A few preliminary questions a potential client may ask are ‘Why do I need flood insurance?’ and ‘What would my flood insurance policy cover?’. After explaining the flood risks in their area, use these talking points to break down what is and isn’t covered by a typical flood insurance policy for homeowners.
What does flood insurance protect? You can purchase coverage to help protect your home, your personal belongings, or both.
Building property coverage. This includes the physical structure of your home and its foundation; plumbing and electrical systems; central air and heating systems; attached bookcases, cabinets, carpets, and paneling; a detached garage; well water tanks and pumps and any solar energy equipment. This policy does include a coverage limit of $250,000 for damage caused to the building.
Personal contents coverage. This includes clothing, furniture and electronics; curtains; some portable appliances; freezers and the foods within them; carpets installed over wood floors; washer and dryer; and certain valuables, like art (up to $2,500). The coverage limit for a personal content policy is $100,000.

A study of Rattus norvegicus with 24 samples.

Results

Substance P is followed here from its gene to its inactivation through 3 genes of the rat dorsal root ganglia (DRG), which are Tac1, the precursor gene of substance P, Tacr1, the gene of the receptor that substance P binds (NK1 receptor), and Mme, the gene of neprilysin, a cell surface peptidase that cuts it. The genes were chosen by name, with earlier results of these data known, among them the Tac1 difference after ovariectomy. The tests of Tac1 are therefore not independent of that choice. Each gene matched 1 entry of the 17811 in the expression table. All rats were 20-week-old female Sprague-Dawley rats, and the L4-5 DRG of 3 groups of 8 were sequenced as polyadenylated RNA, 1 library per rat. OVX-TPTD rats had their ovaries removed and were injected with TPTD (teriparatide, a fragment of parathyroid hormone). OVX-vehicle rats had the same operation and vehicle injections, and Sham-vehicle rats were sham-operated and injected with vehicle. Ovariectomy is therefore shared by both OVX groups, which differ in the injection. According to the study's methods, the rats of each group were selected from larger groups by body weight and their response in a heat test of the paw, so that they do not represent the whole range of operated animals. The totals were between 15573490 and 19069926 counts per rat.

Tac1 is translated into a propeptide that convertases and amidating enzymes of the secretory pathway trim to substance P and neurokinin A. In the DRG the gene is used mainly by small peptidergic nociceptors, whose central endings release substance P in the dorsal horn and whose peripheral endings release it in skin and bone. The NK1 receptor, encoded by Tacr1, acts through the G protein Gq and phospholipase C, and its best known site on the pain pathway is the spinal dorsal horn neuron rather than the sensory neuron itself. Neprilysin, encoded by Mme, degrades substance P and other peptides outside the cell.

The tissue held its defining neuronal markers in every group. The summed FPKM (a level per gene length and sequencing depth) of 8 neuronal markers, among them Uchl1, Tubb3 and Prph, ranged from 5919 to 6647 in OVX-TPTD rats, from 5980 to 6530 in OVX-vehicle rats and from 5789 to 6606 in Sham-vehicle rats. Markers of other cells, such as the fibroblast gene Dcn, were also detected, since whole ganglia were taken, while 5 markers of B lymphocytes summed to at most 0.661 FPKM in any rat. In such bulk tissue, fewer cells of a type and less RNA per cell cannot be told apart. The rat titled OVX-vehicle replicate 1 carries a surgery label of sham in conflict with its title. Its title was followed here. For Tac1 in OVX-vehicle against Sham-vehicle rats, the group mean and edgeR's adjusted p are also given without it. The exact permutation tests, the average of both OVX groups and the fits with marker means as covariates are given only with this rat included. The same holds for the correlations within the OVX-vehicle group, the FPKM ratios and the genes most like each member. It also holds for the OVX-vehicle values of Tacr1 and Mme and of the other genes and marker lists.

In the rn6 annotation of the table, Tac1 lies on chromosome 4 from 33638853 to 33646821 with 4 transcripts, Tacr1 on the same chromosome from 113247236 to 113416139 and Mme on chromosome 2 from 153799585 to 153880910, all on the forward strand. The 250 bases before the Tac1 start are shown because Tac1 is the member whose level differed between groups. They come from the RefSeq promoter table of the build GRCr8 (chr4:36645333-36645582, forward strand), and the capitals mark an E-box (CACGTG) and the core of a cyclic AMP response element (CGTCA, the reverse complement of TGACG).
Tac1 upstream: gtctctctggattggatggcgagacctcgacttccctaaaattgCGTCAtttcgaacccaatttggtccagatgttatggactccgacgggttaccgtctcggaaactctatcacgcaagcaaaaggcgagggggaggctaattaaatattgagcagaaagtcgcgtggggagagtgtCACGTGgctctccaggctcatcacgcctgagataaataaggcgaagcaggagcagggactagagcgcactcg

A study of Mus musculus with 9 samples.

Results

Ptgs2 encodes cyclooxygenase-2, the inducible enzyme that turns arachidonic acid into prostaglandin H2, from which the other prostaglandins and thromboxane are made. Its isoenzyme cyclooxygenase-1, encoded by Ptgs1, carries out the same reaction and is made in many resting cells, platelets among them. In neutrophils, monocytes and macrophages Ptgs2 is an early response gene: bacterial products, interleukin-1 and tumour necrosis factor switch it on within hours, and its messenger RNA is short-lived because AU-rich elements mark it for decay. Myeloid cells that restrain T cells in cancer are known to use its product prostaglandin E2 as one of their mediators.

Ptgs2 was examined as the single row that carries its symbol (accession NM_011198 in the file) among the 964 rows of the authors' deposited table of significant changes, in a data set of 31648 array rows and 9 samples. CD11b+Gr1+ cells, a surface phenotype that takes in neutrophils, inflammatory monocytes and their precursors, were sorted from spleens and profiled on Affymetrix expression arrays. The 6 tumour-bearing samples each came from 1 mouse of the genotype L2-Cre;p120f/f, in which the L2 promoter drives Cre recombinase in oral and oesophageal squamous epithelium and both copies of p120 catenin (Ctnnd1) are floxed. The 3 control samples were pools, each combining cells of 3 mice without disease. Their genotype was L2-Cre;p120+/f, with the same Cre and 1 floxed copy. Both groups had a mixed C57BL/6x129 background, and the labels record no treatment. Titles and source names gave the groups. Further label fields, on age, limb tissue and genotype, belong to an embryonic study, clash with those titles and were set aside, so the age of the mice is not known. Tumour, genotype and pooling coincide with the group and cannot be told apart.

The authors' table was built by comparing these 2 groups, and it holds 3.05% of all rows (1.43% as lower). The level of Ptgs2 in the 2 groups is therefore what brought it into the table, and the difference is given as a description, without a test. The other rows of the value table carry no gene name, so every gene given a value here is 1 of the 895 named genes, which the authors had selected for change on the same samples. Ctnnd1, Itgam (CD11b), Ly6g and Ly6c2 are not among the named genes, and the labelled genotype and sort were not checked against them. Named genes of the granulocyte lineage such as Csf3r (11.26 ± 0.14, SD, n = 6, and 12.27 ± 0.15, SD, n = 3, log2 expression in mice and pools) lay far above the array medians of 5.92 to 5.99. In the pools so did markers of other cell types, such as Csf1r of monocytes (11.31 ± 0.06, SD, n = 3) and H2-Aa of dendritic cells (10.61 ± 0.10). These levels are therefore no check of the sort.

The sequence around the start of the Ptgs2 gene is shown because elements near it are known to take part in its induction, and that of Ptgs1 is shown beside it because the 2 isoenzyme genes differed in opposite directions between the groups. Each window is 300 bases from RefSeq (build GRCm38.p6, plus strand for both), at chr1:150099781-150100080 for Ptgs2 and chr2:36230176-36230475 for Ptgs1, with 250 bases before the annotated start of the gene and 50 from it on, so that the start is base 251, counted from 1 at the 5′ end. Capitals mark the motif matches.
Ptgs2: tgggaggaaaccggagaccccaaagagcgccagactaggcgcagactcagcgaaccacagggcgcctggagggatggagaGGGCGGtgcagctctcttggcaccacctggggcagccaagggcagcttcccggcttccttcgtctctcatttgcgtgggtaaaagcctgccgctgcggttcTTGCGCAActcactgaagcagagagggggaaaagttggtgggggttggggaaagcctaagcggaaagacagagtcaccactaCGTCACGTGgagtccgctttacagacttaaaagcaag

What isn’t covered? There are specific items not covered by a building or contents coverage policy. These include:
- Damage caused by moisture, mildew, or mold that could have been avoided by the property owner.
- Temporary housing and additional living expenses incurred while the building is being repaired or is unable to be occupied.
- Property outside of an insured building. For example, landscaping, wells, septic systems, decks and patios, fences, seawalls, hot tubs, and swimming pools.
- Currency, precious metals, stock certificates and other valuable papers.
- Cars and most self-propelled vehicles, including their parts.
- Personal property kept in basements.
Work with your potential clients to determine what kind of coverage is right for them. You can also refer to NFIP’s Summary of Coverage for further information about what may or may not be covered by a typical flood insurance policy.